Farmers across the UK are set to lose out on a market for wheat and a badly-needed source of animal feed due to the imminent closure of the Vivergo Fuels plant.
The Hull-based biofuels plant will cease production at the end of September, with bosses blaming a ‘difficult trading environment’ and the Government’s failure to rollout E10 fuel, which has a higher ethanol blending ratio than petrol currently on sale.
When producing bioethanol, Vivergo bought more than 1 million tonnes of feed wheat from 900 farms every year, mainly across East and North Yorkshire and North Lincolnshire.
Its plant was also the country’s largest single production site for animal feed, delivering 500,000 tonnes of high-protein feed to over 800 farms all over the UK.
‘Significant’ job losses are expected as a result of the shutdown.
Mark Chesworth, managing director of Vivergo Fuels, said: “I am extremely disappointed at having to make this difficult choice to plan to cease production as of the 30 September 2018 at the Vivergo Fuels plant.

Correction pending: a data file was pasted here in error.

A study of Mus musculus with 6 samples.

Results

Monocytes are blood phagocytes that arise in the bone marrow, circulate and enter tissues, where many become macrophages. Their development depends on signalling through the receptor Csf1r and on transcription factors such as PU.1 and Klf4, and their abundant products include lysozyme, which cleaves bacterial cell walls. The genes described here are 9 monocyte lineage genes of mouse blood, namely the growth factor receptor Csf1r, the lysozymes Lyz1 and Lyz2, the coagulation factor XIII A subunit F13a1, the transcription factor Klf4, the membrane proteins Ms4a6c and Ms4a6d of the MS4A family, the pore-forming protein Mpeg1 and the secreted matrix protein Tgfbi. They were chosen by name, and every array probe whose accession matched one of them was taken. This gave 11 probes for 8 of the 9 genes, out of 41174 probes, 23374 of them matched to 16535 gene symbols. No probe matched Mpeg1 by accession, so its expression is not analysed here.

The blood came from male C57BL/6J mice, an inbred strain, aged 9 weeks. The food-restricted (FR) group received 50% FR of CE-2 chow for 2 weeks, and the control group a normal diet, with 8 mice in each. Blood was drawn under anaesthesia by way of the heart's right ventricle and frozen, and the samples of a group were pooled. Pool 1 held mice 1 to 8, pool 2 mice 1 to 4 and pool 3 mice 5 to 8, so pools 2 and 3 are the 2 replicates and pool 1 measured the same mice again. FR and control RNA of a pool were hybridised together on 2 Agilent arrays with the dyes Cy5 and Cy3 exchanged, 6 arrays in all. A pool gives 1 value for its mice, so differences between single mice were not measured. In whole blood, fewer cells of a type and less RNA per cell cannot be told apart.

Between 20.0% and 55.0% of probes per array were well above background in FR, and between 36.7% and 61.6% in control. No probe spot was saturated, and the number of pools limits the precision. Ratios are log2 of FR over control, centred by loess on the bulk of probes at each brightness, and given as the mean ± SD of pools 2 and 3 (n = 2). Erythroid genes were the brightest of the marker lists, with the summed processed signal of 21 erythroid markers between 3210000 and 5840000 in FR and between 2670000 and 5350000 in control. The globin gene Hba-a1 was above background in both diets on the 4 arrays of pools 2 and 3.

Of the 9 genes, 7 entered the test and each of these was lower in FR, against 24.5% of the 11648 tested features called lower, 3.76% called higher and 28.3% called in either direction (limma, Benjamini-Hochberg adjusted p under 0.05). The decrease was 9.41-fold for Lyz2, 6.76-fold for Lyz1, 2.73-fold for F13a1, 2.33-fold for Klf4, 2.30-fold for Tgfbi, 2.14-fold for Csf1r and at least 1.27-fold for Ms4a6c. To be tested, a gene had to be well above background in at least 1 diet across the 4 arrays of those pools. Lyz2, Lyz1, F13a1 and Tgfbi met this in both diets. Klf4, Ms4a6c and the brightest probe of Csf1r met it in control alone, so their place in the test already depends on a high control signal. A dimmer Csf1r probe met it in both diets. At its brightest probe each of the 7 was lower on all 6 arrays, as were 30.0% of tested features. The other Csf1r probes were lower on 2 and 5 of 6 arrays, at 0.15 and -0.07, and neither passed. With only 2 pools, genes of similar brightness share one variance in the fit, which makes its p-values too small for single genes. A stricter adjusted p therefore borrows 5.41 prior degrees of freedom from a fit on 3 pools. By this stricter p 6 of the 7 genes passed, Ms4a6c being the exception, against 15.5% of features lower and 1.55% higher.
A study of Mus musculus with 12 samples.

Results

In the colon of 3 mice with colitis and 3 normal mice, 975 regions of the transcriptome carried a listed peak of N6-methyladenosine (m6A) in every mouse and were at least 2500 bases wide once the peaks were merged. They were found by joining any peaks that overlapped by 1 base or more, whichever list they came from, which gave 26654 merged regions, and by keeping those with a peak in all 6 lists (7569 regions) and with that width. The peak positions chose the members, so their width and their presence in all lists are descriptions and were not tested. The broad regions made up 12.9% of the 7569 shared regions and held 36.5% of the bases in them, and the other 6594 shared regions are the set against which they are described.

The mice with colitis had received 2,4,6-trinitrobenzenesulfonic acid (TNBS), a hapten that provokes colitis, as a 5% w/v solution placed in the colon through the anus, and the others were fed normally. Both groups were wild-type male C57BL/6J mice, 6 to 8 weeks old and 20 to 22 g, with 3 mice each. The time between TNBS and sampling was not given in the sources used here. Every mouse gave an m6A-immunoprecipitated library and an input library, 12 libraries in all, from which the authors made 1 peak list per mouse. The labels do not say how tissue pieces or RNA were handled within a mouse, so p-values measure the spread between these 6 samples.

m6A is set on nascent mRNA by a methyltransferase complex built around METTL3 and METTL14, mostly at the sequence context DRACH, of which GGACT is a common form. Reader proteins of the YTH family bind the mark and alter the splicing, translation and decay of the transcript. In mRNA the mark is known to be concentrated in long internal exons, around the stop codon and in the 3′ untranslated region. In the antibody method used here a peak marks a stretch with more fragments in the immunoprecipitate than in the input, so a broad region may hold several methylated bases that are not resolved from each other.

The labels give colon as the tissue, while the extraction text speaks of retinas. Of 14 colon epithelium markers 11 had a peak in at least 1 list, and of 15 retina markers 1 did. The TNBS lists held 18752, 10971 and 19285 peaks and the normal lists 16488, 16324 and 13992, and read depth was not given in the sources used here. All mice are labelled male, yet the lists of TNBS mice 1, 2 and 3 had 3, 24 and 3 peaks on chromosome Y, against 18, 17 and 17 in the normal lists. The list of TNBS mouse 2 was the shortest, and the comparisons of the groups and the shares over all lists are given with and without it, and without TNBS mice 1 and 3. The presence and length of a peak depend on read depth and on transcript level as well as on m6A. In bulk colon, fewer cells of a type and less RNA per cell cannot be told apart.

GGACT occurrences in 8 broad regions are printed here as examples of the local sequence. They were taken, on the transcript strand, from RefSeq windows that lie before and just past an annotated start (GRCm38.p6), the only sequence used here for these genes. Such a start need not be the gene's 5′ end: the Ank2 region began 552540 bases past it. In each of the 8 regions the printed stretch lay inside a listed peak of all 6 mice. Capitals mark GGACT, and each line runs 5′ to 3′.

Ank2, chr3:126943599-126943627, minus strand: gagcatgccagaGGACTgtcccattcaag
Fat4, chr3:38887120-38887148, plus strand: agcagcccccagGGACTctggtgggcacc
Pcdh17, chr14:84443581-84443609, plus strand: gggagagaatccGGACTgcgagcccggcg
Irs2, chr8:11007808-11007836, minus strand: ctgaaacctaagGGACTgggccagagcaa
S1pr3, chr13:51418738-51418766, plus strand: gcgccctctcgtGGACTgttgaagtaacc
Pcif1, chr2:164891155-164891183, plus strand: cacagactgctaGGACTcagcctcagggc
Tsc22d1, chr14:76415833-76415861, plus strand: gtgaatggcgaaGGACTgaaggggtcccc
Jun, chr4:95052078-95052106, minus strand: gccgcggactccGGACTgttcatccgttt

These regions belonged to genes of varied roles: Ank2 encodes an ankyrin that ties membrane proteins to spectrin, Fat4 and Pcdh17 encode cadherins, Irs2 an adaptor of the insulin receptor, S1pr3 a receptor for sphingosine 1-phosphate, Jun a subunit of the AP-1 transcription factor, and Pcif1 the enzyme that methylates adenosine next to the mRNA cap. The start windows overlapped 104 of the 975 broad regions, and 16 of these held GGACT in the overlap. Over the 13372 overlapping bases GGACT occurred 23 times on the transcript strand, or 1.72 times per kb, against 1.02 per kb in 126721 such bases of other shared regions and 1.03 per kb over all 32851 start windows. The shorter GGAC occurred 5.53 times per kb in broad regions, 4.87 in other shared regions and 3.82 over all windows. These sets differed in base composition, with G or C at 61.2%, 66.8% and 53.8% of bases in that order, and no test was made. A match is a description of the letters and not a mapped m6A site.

“We have created a highly skilled and world-class business which had the opportunity to be part of a British sustainable biofuels industry.
“But sadly, the Government’s lack of pace over the past decade to introduce E10 has further undermined our ability to operate. My employees are my number one concern at this time and we have entered into consultation with them.
“I would like to take this opportunity to thank our workforce, past and present partners, growers and customers for their support since the creation of our plant in 2007.”
The decision to cease production will also come as a blow to the Humber region, which benefited from £400 million investment from Vivergo.
NFU combinable crops board chairman Tom Bradshaw said: “This announcement is a significant blow for the UK grain industry.
“As the largest single intake for feed wheat in the county, it will particularly hit arable and livestock farmers in the North East where the plant is based.
“At a time when livestock farmers are suffering with feed shortages, this decision will also have serious knock-on effects for protein feed availability, with farmers becoming more reliant on imported feed for their livestock.
“Unfortunately, the biofuel industry has suffered for a number of years following Government procrastination on renewable fuel policy.
“The private sector has invested hundreds of millions of pounds on the premise of a supportive policy, only to be let down by Government back-tracking.”